Perspectives on the ethical concerns and justifications of the 2006 Centers for Disease Control and Prevention HIV testing recommendations
1 Department of Emergency Medicine, Alpert Medical School of Brown University, 593 Eddy Street, Providence, Rhode Island, 02912, USA
2 Department of Community Health, Alpert Medical School of Brown University and Program in Public Health, 121 S Main Street, Providence, Rhode Island, 02912, USA
3 Department of Philosophy, Wheaton College, 26 E. Main Street, Norton, Massachusetts, 02766, USA
BMC Medical Ethics 2011, 12:24 doi:10.1186/1472-6939-12-24Published: 16 December 2011
In 2006, the Centers for Disease Control and Prevention (CDC) recommended three changes to HIV testing methods in US healthcare settings: (1) an opt-out approach, (2) removal of separate signed consent, and (3) optional HIV prevention counseling. These recommendations led to a public debate about their moral acceptability.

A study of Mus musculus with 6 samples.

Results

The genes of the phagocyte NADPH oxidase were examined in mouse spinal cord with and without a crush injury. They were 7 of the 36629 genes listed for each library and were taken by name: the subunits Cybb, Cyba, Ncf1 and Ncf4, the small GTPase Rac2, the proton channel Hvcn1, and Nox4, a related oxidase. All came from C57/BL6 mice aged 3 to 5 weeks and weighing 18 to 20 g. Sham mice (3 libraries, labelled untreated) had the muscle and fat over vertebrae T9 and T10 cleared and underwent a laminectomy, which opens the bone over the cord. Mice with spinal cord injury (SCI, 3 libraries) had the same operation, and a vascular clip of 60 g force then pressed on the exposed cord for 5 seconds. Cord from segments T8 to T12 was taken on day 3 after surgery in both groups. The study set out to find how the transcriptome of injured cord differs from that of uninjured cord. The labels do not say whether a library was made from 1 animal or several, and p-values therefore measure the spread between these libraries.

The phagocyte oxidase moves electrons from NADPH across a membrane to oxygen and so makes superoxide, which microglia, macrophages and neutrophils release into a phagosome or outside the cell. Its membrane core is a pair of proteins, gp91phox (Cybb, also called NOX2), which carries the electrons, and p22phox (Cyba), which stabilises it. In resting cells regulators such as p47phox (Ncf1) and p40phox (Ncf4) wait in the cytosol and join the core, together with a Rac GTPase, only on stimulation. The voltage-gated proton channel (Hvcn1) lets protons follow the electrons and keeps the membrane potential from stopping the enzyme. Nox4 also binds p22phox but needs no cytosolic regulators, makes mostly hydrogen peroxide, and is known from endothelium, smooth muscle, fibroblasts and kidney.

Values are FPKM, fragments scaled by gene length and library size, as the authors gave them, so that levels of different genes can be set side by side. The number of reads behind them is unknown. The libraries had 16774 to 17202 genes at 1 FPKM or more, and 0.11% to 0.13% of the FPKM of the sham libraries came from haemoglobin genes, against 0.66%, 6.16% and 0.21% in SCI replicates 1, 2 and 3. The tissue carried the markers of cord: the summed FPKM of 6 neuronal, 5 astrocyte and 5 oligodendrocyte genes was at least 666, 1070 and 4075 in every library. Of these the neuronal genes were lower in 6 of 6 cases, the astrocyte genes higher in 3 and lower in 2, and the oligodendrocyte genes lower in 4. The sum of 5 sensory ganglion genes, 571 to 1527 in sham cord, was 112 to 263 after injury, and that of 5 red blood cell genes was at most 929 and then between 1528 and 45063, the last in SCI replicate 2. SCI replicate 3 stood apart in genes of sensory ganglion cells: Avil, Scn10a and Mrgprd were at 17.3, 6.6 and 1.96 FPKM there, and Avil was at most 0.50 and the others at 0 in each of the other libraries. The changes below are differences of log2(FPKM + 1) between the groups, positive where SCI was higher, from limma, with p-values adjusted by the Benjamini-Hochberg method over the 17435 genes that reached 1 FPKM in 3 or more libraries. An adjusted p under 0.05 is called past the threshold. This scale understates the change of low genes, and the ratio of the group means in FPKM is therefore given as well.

We interviewed 25 members from the fields of US HIV advocacy, care, policy, and research about the ethical merits and demerits of the three changes to HIV testing methods. We performed a qualitative analysis of the participant responses in the interviews and summarized the major themes.
In general, arguments in favor of the methods were based upon their ultimate contribution to increasing HIV testing and permitting the consequent benefits of identifying those who are HIV infected and linking them to further care.
The prevailing theme of ethical concern focused on suspicions that the methods might not be properly implemented, and that further safeguards might be needed.